Newspapers alarmed about overtime revisions

August 1, 2015

By Tonda F. Rush
CEO and General Counsel | NNA

WASHINGTON—Newsrooms already struggling to cover their communities with smaller staffs and increasing demands reacted with alarm in July when the U.S. Department of Labor announced a sweeping revision to the overtime rules in the Fair Labor Standards Act.

DOL said it wanted to increase the minimum salary levels for professional, creative, executive and administrative employees from $23,660 per year to $50,440 per year, all in one huge jump. It estimates 4 million employees in the country will be reclassified and become newly eligible for overtime pay. There are no regional adjustments based on cost of living in either the current or proposed threshold salaries.

Under existing rules, in order to be considered a salaried, exempt employee, a worker needs to earn at least $23,600 per year, be paid in one lump sum no matter no matter how many (or few) hours worked in a week, and perform the duties under one of the several categories of exempt employees. DOL says it is not currently considering changing the “duties” part of the requirement, though it is open to suggestions on that as well. But it believes the minimum threshold, which has not been adjusted since 1975, should be increased all at once to make up for the lost years without increases. It also proposes to annually raise the minimum salary threshold by some objective inflation test, although that is not decided yet, either. It is receiving public comments through Sept. 4.

The issue of community newspapers and overtime rules has been much litigated over the years, particularly on the application to journalists.

Former dean of journalism at the University of California at Berkeley, Ben Bagdikian, testified in a lawsuit against the Concord Monitor in the early ‘90s that journalists were not professionals. No degree is required as a condition of their jobs, they do not draw upon an academic body of knowledge, and they do not engage in creativity. Instead, he said, they are required to observe and write. On the strength of his testimony and DOL argument, the U.S. Court of Appeals for the First Circuit ruled journalists out of the professional realm. The DOL rules soon followed suit. Most newspaper reporters, and even many editors, are not salaried now and are eligible for overtime.

But for those who may be exempt as administrators because they supervise staff, or under other rules, salaries are permitted. That rule also applies to outside salespeople and some others. All of that may change after September.

National Newspaper Association members responded to a survey on their attitudes toward the rules change. Among the findings:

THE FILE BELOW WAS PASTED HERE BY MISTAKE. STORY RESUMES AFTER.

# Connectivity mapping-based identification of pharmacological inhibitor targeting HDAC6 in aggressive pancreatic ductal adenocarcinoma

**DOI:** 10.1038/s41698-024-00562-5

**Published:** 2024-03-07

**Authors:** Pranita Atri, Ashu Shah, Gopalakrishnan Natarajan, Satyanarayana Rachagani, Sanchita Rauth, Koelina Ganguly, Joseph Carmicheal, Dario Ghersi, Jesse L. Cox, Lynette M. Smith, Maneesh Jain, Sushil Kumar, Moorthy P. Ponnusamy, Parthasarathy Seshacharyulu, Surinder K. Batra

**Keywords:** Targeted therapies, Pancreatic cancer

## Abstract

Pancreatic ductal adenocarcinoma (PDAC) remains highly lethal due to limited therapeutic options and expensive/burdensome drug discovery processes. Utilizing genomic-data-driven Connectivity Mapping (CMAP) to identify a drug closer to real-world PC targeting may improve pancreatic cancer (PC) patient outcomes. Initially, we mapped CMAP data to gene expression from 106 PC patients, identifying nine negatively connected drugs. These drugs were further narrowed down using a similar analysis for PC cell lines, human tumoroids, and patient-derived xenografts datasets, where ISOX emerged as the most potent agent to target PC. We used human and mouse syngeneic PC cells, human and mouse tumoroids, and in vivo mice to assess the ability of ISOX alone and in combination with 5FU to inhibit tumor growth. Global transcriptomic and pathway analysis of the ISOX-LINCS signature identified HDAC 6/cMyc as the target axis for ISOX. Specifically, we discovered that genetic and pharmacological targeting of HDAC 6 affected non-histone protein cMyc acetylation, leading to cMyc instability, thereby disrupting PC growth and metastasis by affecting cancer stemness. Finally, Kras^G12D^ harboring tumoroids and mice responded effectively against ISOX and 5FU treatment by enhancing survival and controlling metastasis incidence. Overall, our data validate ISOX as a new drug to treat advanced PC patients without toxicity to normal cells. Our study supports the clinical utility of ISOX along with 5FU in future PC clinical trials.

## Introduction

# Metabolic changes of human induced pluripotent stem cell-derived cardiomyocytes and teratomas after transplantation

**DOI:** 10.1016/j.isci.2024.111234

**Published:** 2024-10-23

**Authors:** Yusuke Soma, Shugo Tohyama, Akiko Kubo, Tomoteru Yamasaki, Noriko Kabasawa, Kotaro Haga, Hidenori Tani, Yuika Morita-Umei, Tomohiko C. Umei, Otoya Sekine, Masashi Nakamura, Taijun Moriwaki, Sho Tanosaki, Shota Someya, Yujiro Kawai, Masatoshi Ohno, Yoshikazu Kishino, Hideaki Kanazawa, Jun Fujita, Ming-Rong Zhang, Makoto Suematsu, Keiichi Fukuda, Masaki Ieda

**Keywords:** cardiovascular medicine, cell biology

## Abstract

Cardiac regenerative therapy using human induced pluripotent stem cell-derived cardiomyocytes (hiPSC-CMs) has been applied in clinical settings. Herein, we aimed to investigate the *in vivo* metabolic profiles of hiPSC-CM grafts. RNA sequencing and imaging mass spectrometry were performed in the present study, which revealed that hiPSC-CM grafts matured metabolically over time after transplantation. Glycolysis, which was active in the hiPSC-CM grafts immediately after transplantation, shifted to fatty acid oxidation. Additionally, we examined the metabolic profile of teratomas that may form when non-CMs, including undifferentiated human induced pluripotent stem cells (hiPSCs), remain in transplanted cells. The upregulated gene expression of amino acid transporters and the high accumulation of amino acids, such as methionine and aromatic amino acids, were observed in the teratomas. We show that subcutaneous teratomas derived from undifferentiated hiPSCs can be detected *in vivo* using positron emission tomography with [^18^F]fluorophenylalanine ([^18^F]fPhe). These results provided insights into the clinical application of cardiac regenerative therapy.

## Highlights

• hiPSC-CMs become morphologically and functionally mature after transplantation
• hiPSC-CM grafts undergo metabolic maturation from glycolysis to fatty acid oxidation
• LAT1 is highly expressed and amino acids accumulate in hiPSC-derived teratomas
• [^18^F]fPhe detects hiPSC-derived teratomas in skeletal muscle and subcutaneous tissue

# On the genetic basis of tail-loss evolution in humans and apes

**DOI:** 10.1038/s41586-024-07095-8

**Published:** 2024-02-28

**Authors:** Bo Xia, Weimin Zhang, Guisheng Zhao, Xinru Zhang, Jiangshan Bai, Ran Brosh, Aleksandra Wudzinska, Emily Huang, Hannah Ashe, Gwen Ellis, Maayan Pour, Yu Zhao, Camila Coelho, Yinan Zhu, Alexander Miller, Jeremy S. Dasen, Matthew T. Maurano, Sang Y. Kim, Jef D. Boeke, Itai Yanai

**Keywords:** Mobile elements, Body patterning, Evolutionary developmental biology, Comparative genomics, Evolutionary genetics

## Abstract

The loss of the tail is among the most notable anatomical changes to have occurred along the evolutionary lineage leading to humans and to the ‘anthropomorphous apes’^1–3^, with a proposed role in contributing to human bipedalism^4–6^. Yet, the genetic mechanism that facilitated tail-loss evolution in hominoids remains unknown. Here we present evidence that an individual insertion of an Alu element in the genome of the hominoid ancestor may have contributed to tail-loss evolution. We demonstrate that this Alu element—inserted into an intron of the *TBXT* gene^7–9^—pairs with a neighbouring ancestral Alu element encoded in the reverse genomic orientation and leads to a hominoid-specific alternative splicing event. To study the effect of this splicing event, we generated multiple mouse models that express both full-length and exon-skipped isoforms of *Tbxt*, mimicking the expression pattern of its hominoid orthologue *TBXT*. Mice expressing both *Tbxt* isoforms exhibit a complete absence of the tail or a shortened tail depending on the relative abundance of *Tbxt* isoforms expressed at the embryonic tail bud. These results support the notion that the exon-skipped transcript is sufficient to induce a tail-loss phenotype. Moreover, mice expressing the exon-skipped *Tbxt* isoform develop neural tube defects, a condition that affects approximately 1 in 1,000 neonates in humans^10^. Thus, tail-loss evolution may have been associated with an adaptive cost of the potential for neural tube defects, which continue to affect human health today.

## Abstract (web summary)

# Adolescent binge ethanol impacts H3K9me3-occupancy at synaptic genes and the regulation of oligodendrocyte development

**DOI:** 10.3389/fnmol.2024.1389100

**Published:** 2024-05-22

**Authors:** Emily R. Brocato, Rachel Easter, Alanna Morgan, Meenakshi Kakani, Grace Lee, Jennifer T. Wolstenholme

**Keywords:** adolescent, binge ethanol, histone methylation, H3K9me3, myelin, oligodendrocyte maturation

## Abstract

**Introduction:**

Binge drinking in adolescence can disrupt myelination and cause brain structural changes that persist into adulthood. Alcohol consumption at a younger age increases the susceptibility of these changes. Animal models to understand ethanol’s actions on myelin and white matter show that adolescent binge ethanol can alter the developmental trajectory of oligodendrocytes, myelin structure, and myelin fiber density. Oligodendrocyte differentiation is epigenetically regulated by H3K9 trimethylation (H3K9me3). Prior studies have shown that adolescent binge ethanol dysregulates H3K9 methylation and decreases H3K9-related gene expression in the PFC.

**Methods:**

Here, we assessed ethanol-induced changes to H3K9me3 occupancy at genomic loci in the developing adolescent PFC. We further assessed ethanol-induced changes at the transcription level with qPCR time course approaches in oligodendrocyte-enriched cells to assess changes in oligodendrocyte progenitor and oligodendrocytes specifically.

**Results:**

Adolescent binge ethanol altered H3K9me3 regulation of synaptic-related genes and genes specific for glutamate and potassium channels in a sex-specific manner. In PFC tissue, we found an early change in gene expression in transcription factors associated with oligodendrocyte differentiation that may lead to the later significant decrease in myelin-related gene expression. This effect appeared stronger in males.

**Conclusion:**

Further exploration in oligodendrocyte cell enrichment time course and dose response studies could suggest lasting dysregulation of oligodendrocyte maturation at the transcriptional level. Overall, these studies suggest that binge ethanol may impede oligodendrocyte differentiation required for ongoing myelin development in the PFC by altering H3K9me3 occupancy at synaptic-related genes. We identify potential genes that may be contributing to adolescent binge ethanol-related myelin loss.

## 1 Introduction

• More than 60 percent said they already struggle to keep their newsroom staffs within a 40-hour workweek.

• Nearly 15 percent said the challenge was primarily in the sports department.

• 55% said they pay overtime when required, although more said they either don’t permit overtime hours, or let employees take time off within the pay period to even out their time.

• Only 17 percent said they would be able to pay the overtime under new rules.

• 30% said they would have to eliminate jobs, and 41 percent said they would hire more part-time staff.

• 70% said it would affect employment in their communities by driving employers to eliminate jobs.

• 11% said they would not be affected. Some added comments that the industry would simply have to adjust.

NNA members with comments on the proposed rules are encouraged to respond to the member survey at

National Newspaper Association President John Edgecombe Jr., publisher of The Signal in Geneva, NE, said the NNA board of directors had requested the survey so it could consider how deeply the industry might be affected.

“NNA publishers want to be responsible members of their communities. We are sensitive to the fact that our staffs also have private lives. I think our generation has managed differently than perhaps our parents and grandparents may have, when people pretty much lived in the newsroom, to make sure our staffs’ lives are not consumed by their jobs. At the same time, we are in a news-breaking, deadline-driven business, where creativity and curiosity have to drive our news coverage. News doesn’t happen on a 40-hour workweek, and most reporters don’t want to be caged by the rules so they cannot cover stories. Budgets are tight because revenues are tight, and this is probably our new normal.

“We want to do the right thing, but we recognize that great leaps in salary requirements like the Labor Department proposes would simply handcuff us when we are trying to cover our communities,” he said.

Edgecombe said his board would develop a policy in response to members’ comments and respond to DOL’s request for information.